Holiday Survival Tips


Are you stressed out about your family get-together? Are you worried about being alone? Here are my tips for those that are apprehensive about the next few weeks. I use all of them, so I can testify to their power!

Power Pose: Go in the bathroom, lock the door, and spend 2 minutes standing like Wonder Woman. You can watch Amy Cuddy’s TED Talk for the research details. It’s a handy tool to help you deal with everything from your mother barking orders on getting dinner ready, to your creepy cousin and your dad’s lost filter, after that third drink.

Make your own traditions: Even if you have to be part of a larger gathering, you can do some small things for yourself. We prepare food from a different country or ethnicity every holiday. This year, we had Swiss raclette for Thanksgiving and made Spanish paella with the leftovers. The reason I do this is because my mom worked so hard to create a Norman Rockwell holiday in our house, that she made everyone in her path (mostly me) miserable. Christmas dinner is often something that can be done in one pot, such as soup or Brazilian feijoada, so I can relax most of the day with everyone else.

Pull from other traditions: This year I made these birdseed ornaments (photo at the top) for the fence in front of my house. I will make more next week for the winter solstice. I love nature and pulling from pagan traditions is a great way to connect. I also love Native American prayers and songs. You only need a drum, if that, to sing along. You could meditate, chant, read the ten Sefirot of the Kabbalah, read a mythological tale, get an astrological reading, buy a set of oracle cards or runes and draw from them, sit under a tree, dance along the water, watch the sunrise or the sunset. The possibilities are endless and pulling in another tradition doesn’t make you blasphemous. It makes you compassionate and connected. I love this TED talk on the math of empathy could make a great ritual!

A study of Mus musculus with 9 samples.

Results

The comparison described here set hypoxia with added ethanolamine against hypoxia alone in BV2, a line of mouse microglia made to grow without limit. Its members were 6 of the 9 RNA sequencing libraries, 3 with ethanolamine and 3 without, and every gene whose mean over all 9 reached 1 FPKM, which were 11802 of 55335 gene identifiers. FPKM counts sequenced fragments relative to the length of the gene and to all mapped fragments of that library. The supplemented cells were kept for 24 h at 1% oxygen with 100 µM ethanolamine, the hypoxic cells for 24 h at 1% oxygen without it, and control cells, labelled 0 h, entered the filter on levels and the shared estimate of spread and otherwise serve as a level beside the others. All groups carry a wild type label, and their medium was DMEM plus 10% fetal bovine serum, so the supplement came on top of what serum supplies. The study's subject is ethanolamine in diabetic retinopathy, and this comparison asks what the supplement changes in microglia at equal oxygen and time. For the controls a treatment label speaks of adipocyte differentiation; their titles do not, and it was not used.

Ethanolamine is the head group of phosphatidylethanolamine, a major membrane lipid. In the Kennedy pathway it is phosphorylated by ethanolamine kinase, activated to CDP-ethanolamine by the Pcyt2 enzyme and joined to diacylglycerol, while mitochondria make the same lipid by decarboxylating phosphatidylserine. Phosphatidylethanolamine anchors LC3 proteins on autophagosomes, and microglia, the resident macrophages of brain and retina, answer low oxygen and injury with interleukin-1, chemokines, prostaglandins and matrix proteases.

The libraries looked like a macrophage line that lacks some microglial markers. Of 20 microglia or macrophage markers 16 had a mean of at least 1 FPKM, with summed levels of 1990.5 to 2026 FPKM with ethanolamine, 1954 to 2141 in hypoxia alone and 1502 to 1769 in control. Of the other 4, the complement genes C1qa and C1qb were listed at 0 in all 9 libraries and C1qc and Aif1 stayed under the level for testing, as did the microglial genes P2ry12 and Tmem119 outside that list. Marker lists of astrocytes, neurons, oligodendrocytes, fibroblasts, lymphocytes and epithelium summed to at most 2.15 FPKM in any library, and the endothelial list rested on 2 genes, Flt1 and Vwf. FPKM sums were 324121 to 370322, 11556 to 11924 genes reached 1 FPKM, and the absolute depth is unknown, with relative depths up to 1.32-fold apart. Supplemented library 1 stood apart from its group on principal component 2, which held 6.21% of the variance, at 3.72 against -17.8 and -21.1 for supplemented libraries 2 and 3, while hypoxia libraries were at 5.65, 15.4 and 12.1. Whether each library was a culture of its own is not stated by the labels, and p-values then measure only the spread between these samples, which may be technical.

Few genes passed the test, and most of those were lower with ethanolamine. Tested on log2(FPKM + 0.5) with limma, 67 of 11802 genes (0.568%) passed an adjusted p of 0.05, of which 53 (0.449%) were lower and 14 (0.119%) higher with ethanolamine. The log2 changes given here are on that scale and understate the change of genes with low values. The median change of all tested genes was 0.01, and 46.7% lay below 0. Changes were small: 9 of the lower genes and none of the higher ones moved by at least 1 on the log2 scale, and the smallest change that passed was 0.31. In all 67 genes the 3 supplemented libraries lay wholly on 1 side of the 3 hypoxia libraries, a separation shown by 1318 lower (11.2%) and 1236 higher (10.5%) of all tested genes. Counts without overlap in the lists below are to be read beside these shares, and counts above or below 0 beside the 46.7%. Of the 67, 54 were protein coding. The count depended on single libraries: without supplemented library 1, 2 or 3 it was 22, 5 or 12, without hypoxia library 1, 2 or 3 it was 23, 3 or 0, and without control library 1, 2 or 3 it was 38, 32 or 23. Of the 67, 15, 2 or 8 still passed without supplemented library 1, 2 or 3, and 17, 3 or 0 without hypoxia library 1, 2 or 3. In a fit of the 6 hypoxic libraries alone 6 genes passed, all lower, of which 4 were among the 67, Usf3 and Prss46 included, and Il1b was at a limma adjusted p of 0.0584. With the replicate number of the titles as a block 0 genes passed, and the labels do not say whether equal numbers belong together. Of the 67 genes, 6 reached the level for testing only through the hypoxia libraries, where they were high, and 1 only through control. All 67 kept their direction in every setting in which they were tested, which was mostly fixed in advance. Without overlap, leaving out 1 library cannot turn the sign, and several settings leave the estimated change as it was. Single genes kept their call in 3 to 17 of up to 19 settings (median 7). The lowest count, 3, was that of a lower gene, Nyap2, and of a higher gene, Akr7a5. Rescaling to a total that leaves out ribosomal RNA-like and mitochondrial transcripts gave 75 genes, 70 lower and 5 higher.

Set Boundaries: This is about self-care, not upsetting or getting revenge on anyone else. You don’t have to be a doormat for the holidays. I put my foot down on visiting family at the holidays. I am much more negotiable other days of the year. Our families do not live near us, so it’s a relatively easy line to draw. They are welcome at our house. However, unless I am going somewhere fabulous, like Paris or Fiji, I am not interested in traveling at the holidays. Your boundary doesn’t have to make everyone happy – just you. It doesn’t have to be as big as mine, either. Just setting an arrival or departure time that suits you, or bringing your own bottle of wine because you don’t like what is usually served can contribute to self-care.

Maintain Perspective: If someone is all upset about something, it’s really their own repressed feelings coming out. It has nothing to do with you. Own your stuff as best you can. We’re all a bunch of struggling meat bodies trying to let our souls come through so we can see each other at the soul level. We’re all doing our best, even if it’s not very good by some (or all) standards.